Wednesday, March 30, 2016
Biology student Alma Mendoza wins undergraduate research grant
Alma Mendoza, a senior Biology major at Northeastern Illinois University, has been awarded a Willis A. Reid undergraduate research grant by the Education Committee of the American Society of Parasitologists. The $500 grant will help fund Mendoza’s research on diversity of Plachiorchids in Midwestern wetlands.
Mendoza, who is on track to graduate in May, received the award for a grant proposal she wrote for her Independent Research course as her Biology capstone requirement.
“This grant will enable me to become a better scientist by providing me the opportunity to explore my own research questions,” said Mendoza, who is minoring in Chemistry. “I will apply the knowledge that I’ve learned both in classes and from a Student Center for Science Engagement internship this past summer. It brings me one step closer to an M.D./Ph.D. program by making my application more competitive. I plan to use my grant writing skills to further fund my research in future endeavors.”
This was the second grant award for Mendoza, who transferred to Northeastern from Harold Washington College after graduating from Mother McAuley Liberal Arts High School in Chicago. In July 2015, she received a $250 undergraduate research grant from the regional parasitology society, the Annual Midwestern Conference of Parasitologists.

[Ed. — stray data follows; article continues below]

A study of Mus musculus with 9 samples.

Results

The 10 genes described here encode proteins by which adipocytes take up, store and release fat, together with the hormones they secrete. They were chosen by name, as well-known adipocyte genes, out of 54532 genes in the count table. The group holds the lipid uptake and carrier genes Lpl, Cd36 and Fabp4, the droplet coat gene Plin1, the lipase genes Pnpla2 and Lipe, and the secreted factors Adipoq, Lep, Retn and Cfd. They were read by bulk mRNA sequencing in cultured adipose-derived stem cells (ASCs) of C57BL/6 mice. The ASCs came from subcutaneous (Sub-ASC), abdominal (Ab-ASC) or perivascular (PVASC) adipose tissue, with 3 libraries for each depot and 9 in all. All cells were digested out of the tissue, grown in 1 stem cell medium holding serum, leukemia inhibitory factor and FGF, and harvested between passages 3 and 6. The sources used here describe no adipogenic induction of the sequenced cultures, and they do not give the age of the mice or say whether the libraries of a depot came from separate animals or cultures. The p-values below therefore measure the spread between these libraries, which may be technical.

“Alma's award as an undergraduate speaks to her current ability and future potential as a scientist and leader,” Assistant Professor of Biology Sarah Orlofske said. “This award recognizes her ability to generate good research questions, design appropriate methodology, understand the context of previous research, and convey the importance of her study to other leaders in the field of parasitology. This award will not only improve her independent study project but also the publication that will stem from her research. Ultimately this will help her tremendously in the next step of her career.”
After earning her bachelor's degree, Mendoza plans to continue working on her manuscript on Plagiorchid trematodes while applying to medical school. She plans on starting medical school in fall 2017 and to pursue further research with a focus on infectious diseases.
“My experience at Northeastern has been very enriching,” she said. “The supportive professors and affordability of the school have made graduation attainable. I’ve had the opportunity to work one-on-one with brilliant scientists on exciting research on both snakes and parasites.”